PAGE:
Hall of Famers gather to honor Big Unit

Hall of Famers gather to honor Big Unit

SAN FRANCISCO -- There was Gaylord Perry, taking a break from farming in North Carolina. Tom Seaver drove down from Calistoga after literally getting his hands dirty at his vineyard. Another guest was Nolan Ryan, whose visit was partly a business trip, since he's president of the Texas Rangers.

Time has set the triumvirate of Hall of Famers on divergent paths, but they merged Saturday night at AT&T Park to help celebrate Giants left-hander Randy Johnson, the latest pitcher to notch his 300th win and join their exclusive group. Seaver, known through the years for his eloquence, summarized what defined Johnson -- and others like them who broke the 300-victory barrier -- beyond mere statistics.

"In my mind, he's a foxhole guy," Seaver, 64, said at an informal news conference before the Giants' on-field pregame ceremony commemorating Johnson's achievement. "If you're going to win this game, you have to go through him, if you're an opponent. I read that kind of mentality from his physical presence. ... It's a very animal instinct. It's a fight. There's no question about it."

Sometimes the punches are more subtle than forceful. Ryan, the all-time strikeouts leader, pointed out that both he and Johnson developed effective off-speed pitches as their careers lengthened.

"I think you have to have something that offsets what you lose in the natural aging process," said Ryan, 62.

Perry, 70, credited Johnson for a significant off-field feat: helping keep the Mariners in Seattle. The former Giant, who pitched for Seattle from 1982-83 and won his 300th game there, said that Johnson, a Mariner from 1989-98, "kind of saved that franchise. Sometimes we would have trouble getting our families to go there to see us play."

Sharing the baseball experience with loved ones wasn't an issue for Johnson, the 24th pitcher to win 300 games. Thirteen of his relatives sat in a ring in front of the pitcher's mound during the pregame festivities, including his wife, Lisa, and their four children. They were soon joined by Giants players and coaches, who stood in a ring behind them and the other guests.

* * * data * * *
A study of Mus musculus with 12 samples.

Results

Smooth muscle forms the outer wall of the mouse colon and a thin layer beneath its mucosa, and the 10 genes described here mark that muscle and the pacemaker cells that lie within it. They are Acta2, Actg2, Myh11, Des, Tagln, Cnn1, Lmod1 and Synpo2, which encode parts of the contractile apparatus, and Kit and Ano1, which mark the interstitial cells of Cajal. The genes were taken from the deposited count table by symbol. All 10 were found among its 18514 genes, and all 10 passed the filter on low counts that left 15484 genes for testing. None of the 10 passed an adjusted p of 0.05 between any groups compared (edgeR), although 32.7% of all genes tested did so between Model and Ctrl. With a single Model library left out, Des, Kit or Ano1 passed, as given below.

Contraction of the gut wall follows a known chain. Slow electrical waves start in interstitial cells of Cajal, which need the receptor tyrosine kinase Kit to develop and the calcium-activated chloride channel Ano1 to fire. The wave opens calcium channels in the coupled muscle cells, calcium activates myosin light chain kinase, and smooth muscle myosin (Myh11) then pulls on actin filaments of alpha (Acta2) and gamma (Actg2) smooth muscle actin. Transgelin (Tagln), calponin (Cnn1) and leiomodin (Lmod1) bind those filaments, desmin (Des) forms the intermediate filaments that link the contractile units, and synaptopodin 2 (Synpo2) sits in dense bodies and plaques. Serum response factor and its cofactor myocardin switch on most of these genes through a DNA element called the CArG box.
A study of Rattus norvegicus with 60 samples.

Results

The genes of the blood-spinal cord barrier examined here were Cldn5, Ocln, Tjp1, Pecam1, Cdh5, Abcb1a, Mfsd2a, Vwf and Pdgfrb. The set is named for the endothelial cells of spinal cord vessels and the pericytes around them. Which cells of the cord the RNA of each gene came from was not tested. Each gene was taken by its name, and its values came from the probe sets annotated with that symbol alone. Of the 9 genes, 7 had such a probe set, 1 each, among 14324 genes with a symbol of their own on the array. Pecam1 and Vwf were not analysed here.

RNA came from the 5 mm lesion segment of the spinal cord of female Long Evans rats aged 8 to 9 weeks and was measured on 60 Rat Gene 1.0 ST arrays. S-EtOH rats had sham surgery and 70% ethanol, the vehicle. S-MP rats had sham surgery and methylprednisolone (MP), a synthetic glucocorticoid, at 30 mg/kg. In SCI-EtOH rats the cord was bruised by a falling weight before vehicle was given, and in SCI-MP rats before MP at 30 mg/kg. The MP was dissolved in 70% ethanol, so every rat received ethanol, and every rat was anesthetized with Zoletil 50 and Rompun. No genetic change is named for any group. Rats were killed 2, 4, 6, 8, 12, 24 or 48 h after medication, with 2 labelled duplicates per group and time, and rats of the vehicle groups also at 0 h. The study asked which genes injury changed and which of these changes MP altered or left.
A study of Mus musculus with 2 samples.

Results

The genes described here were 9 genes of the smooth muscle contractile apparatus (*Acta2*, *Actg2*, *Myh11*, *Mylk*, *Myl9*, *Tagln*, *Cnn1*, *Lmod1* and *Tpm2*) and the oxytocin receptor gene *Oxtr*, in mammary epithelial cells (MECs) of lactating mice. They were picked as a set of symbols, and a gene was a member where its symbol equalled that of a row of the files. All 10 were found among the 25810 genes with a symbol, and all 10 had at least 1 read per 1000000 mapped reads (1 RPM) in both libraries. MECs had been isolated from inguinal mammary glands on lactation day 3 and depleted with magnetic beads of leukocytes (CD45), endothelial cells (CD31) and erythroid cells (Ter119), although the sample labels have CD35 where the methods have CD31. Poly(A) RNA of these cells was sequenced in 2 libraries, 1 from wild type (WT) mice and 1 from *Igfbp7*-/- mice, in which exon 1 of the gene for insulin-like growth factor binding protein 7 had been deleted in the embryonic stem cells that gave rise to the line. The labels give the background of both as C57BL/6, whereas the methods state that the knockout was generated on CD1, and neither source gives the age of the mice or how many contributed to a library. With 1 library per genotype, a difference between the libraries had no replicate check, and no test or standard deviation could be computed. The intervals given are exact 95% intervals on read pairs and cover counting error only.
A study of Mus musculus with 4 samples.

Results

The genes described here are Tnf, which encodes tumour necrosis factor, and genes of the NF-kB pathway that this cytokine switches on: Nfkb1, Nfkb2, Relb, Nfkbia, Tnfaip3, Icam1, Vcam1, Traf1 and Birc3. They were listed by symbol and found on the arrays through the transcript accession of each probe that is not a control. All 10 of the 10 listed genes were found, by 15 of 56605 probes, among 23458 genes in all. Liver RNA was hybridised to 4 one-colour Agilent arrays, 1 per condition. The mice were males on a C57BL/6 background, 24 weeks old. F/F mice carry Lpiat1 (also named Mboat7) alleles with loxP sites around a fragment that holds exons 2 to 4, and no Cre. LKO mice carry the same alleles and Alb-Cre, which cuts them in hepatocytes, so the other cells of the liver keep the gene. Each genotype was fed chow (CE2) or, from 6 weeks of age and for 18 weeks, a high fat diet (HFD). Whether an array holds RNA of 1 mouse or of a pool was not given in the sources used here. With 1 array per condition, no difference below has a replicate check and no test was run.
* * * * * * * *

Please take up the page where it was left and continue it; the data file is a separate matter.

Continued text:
Following a two-minute video featuring Johnson's other significant victories, Giants managing general partner Bill Neukom announced that a renovated baseball field near Livermore, where the Big Unit was raised, will be dedicated in his honor on Aug. 11.

Jeff Idelson, president of baseball's Hall of Fame and Museum, received four mementoes from Johnson's 300th win in Washington on June 4: the cap he wore, a ball he threw, the pitching rubber and Giants broadcaster Duane Kuiper's scorecard. Letters were read from two other 300-game winners who couldn't attend, Phil Niekro and Tom Glavine.

Perry, Seaver and Ryan each received noisy ovations and addressed the crowd briefly.

"I'm a Giant at heart and I always will be," said Perry, who played his first 10 years (1962-71) with San Francisco. "It's very special that you won [No. 300] here."

The crowd saved plenty of adulation for Johnson, who joined the Giants before this season. He thanked his family for their sacrifices throughout his career, each of the teams he played for (Montreal, Seattle, Houston, Arizona and the New York Yankees), the teammates, doctors and trainers he encountered "and, of course, San Francisco and all the fans."

Video salutes to Johnson continued to appear on the Diamond Vision screen through the game -- from Ken Griffey Jr., his Seattle teammate; Washington broadcaster Don Sutton, another 300-game winner and Hall of Famer; fellow Giants; and 300-game winner Roger Clemens.

It seemed as if the tributes would go on and on -- much like Johnson's career itself.

Chris Haft is a reporter for MLB.com. This story was not subject to the approval of Major League Baseball or its clubs.